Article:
School here isn’t exactly the way I remember it back in the States (no surprises there).
The differences become apparent even within the first few moments of the day, during which we are obliged to attend “morning assembly.” Students gather outside their classrooms and in the open-aired amphitheater on the ground floor of each respective building to participate in this daily ritual.
The morning assembly is mainly conducted through song.
The students sing the national anthem, and then they sing a [seemingly random] song that changes depending on the day of the week. There is one in English (“Puff the Magic Dragon”) but the others are in Thai. The students seem to genuinely enjoy this part of the day. (I would love singing at school too!)
After the songs, the students are instructed to sit down for meditation. A meditation song is played over the loudspeaker: “I’m breathing in, I’m breathing out as flowers bloom…”
I am continually amazed to witness the sincerity and stillness with which they sit cross-legged, hands in their laps with palms up and eyes closed during these few moments.
When it’s over, they are kids again. They disperse, off to their classes for the first period of the day.
Unlike the American system, the Thai education system is not big on assignments, projects, and quizzes for grades. These things can happen should the individual teacher see fit, but, at least as a foreign teacher, there is no guarantee the students will actually do them.
School sometimes feels more like camp. I see students running around, ice cream in hand, chasing each other. The older kids will sit around in a circle and play guitar (how they have the free time to do this, I don’t know). Sometimes I will show up to class and my students simply won’t be there. Maybe they’re off swimming in one of the three pools we have here on campus?
Sometimes I wonder how these students learn anything, since they rarely have homework or assignments or quizzes (besides a midterm and a final test) that count for a grade. They automatically pass anything graded anyways; there is an unspoken rule that all students must move on to the next grade level no matter what. There have been countless articles detailing the failures of the Thai education system so I’m not going to go into any more detail here, suffice it to say, it’s definitely a unique approach to education.
Neatness and “politeness” in physical appearance are important within Thai culture. As a result, uniforms are popularly instituted, both within school and within workplace settings. Most people walking the streets on weekdays are outfitted in some sort of uniform. Even university students wear uniforms to class. (Could you imagine having to wear uniforms at UGA? Wait, nevermind. Most people wear the same thing to class anyways: Greek life T-shirt and Nike shorts. Right. Cool.) At our school, any teacher or administrator that has been employed for longer than a year must get custom matching uniforms made (for a hefty price!).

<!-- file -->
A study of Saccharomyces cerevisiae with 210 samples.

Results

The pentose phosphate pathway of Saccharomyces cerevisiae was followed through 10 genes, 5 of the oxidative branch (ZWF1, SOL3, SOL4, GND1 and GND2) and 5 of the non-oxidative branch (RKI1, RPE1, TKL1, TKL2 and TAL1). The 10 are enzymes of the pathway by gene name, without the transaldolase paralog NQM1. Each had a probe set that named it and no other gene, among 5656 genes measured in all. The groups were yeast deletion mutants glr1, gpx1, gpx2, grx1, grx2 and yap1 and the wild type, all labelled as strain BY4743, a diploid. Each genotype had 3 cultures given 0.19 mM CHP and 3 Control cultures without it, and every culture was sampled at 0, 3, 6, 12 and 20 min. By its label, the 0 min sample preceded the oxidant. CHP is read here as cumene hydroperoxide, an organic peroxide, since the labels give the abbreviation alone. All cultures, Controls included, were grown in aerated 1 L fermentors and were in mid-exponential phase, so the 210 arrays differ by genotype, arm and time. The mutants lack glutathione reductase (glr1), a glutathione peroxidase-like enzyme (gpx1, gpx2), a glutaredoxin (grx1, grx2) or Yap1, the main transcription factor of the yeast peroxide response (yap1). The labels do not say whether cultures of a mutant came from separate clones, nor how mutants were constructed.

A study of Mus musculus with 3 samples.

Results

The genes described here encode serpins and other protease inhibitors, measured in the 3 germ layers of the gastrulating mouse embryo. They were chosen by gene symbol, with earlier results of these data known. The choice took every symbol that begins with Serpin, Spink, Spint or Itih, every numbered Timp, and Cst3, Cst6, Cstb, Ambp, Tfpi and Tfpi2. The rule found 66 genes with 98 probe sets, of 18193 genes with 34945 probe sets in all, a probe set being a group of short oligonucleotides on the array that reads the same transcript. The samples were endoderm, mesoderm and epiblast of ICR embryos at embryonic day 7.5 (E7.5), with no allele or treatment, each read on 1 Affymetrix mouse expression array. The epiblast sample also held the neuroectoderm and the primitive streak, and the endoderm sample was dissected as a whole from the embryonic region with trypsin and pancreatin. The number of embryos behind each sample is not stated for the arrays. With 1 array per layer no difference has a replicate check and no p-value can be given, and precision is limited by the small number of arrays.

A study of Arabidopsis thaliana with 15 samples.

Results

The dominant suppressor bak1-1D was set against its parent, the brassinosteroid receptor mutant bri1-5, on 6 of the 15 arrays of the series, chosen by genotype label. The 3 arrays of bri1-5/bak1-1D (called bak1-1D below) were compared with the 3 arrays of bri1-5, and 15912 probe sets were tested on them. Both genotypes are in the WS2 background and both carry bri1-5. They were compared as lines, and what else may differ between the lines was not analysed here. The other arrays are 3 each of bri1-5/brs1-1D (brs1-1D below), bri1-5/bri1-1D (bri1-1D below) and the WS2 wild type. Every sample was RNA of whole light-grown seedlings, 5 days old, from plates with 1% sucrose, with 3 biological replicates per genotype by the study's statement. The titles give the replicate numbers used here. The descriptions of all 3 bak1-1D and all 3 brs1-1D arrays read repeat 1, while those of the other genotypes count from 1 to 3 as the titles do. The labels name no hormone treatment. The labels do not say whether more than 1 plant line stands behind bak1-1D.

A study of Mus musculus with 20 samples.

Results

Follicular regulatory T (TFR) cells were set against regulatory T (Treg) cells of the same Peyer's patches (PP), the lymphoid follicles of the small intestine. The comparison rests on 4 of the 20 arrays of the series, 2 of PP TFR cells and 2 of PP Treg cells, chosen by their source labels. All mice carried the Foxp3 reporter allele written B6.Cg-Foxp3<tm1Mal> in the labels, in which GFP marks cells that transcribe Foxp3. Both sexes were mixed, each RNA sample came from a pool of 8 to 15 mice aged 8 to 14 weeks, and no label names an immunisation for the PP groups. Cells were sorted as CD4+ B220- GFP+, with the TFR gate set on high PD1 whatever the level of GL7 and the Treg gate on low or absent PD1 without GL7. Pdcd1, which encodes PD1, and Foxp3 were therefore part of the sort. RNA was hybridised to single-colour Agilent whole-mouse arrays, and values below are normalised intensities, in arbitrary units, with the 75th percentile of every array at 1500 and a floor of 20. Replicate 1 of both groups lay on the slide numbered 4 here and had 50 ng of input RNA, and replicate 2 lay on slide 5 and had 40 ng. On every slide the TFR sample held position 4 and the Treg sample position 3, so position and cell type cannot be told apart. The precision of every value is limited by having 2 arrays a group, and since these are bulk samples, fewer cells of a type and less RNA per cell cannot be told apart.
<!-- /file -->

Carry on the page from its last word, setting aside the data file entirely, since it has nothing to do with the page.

The students at my school have three different sets of uniforms, each with the student’s personal “number” embroidered onto the chest pocket: they have a light blue/dark blue variation, a pink shirt/light grey sweatpants version that they wear on days they have PE, and, on Fridays, a boyscout uniform.
I’m not saying this because the outfits look like boy scout uniforms; they quite literally are boy scout uniforms. I asked a coworker about this strange phenomenon; apparently every school in Thailand has a day of the week reserved for “scouting.” What “scouting” entails remains a mystery, but should my students ever need to pose as boy- and girl-scouts on Fridays, they would most certainly pass the test.
The last idiosyncrasy of the Thai education system that I would like to discuss may come as no surprise if you have encountered Eastern cultures before: students and teachers attend class shoeless. As a foreign teacher, I’m not upheld to the same shoeless standards. I’m supposed to wear professional-looking flats with my uber-profesh black-and-white ensemble but I’ve discovered that Thais don’t take the work shoe thing too seriously. On days when it’s raining, I throw on my black Chaco sandles (hardly appropriate work shoes, I might add) and head out the door. The Thai teachers seem to have 2 pairs of shoes on hand at all times: they come to school in heels then change into rubber flats (flip flops or sandals. Shoes Americans would deem “beachwear”) during the school day. So no one notices me in my black Chaco sandals.
My coworker, Annie, noted, “You fake them out with those shoes. But, see, if you wore those to work in the States, they would be like, ‘what mountain are you hiking up today?”
I guess teaching can feel like hiking up a mountain sometimes. Yeah – not a bad metaphor.